UNITED NATIONS — The United States and the United Nations stressed Thursday the "acute urgency" of the severe drought spreading through east Africa, after the world body declared a famine in southern Somalia.
During a meeting with UN Secretary-General Ban Ki-moon, US National Security Adviser Tom Donilon pointed to the "critical role" of UN agencies such as the World Food Program and UN Children's Fund (UNICEF) in responding to the crisis, and vowed Washington would support these efforts, the White House said.
The pair "stressed the acute urgency of the situation in the Horn of Africa and discussed focused ways to generate sufficient international contributions and ensure that food and other assistance reaches people in need as quickly as possible, particularly in Somalia," it added in a statement.
Tens of thousands have already died in Somalia in recent months, according to the UN's Food and Agriculture Organisation.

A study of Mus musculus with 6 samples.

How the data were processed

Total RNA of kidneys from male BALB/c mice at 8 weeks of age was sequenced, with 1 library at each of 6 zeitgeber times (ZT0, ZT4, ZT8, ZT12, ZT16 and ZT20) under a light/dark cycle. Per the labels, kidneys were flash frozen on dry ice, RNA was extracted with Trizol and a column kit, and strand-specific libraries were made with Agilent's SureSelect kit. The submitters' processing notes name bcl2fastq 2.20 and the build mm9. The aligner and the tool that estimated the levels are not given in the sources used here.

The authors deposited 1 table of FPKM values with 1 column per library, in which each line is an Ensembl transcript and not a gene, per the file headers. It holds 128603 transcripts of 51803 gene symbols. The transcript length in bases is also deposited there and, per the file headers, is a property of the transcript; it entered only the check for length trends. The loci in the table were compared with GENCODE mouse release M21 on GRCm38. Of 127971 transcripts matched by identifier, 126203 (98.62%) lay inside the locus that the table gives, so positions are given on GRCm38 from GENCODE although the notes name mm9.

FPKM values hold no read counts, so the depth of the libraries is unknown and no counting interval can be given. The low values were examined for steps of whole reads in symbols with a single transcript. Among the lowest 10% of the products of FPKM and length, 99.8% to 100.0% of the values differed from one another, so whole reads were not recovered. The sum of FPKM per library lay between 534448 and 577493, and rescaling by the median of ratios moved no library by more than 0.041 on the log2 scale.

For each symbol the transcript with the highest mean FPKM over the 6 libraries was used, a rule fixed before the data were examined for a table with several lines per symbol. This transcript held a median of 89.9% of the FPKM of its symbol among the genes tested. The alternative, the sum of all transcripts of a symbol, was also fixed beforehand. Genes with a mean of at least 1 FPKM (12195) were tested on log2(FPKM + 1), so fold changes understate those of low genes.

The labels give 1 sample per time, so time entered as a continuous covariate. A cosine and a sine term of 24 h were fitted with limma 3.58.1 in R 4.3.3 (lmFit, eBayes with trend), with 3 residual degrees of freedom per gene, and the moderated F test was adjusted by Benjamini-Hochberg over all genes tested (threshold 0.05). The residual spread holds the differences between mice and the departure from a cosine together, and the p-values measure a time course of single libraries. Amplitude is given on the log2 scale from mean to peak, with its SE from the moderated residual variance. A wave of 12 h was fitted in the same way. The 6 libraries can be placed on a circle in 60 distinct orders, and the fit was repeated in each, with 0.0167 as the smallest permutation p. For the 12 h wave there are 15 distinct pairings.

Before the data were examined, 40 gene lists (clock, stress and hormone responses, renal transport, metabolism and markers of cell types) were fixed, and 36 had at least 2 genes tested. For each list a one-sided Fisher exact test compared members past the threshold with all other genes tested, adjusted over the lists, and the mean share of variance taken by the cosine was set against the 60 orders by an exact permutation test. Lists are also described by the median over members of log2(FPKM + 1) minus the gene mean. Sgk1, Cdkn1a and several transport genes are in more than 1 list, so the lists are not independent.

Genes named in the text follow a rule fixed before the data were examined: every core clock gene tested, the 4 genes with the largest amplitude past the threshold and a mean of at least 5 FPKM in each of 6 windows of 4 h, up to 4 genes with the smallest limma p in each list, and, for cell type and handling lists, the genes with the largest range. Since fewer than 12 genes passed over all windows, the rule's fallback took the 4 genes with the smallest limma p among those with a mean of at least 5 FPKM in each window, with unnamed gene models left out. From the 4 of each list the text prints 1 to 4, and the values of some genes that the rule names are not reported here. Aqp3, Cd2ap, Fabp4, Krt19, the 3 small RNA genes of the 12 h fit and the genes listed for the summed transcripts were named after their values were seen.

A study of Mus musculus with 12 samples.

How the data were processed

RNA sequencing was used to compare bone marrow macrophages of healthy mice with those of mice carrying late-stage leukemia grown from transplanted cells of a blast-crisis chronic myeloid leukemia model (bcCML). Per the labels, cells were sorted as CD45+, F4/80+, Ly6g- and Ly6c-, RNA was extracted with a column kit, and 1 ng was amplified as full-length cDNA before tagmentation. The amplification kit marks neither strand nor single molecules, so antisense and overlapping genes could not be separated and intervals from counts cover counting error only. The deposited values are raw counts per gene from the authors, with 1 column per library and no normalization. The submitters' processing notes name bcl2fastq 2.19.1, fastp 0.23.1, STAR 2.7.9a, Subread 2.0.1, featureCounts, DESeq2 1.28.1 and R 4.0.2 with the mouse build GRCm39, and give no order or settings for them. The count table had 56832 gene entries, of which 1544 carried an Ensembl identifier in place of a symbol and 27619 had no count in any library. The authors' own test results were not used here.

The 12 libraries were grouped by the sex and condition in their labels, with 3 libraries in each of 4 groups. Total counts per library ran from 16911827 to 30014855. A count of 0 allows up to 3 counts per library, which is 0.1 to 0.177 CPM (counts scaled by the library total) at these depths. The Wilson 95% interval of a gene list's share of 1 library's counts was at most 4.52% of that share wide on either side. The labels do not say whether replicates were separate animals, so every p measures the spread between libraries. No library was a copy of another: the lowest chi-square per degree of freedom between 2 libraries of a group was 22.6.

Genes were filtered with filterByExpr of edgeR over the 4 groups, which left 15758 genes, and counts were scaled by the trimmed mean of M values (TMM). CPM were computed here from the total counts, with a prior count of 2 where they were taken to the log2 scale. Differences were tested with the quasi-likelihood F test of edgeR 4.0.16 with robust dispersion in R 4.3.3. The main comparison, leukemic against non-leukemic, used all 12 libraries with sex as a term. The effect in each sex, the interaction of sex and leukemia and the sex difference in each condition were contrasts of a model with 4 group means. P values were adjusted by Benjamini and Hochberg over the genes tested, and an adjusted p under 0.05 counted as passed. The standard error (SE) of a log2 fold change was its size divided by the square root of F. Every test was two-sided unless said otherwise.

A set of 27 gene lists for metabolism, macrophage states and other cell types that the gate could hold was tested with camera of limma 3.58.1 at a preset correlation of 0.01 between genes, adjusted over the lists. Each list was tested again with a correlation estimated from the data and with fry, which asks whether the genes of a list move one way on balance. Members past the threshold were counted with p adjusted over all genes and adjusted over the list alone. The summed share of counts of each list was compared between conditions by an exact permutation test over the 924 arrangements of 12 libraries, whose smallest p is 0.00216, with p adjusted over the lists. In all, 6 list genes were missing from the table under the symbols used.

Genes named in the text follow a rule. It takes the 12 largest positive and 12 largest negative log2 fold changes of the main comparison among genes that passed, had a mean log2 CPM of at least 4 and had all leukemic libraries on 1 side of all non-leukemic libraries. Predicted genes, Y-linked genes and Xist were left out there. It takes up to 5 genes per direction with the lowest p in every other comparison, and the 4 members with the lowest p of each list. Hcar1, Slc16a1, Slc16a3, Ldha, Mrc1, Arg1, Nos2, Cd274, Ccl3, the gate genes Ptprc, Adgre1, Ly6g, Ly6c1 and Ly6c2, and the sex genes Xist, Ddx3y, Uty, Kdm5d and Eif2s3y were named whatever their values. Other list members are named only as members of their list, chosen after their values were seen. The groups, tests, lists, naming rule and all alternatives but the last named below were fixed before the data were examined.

The Al-Qaeda-inspired Shebab rebels appealed for help earlier this month, saying they would lift a two-year-old ban on foreign aid groups in order to help Somalis suffering from a severe drought.
But on Thursday, they abducted the country's newly appointed women's minister, highlighting the challenges for foreign relief groups planning to resume operations in rebel areas.
The abduction came a day after UN officials officially declared that two regions in the south of the war-torn country had been hit by famine -- the southern Bakool and Lower Shabelle regions, both under Shebab control.
The World Food Programme meanwhile announced that it will begin airlifting emergency food supplies to Mogadishu and plans to reach southern Somali regions.
Donilon also discussed with Ban joint US-UN efforts in Sudan, Libya and throughout the Middle East during the meeting also attended by US Ambassador to the United Nations Susan Rice.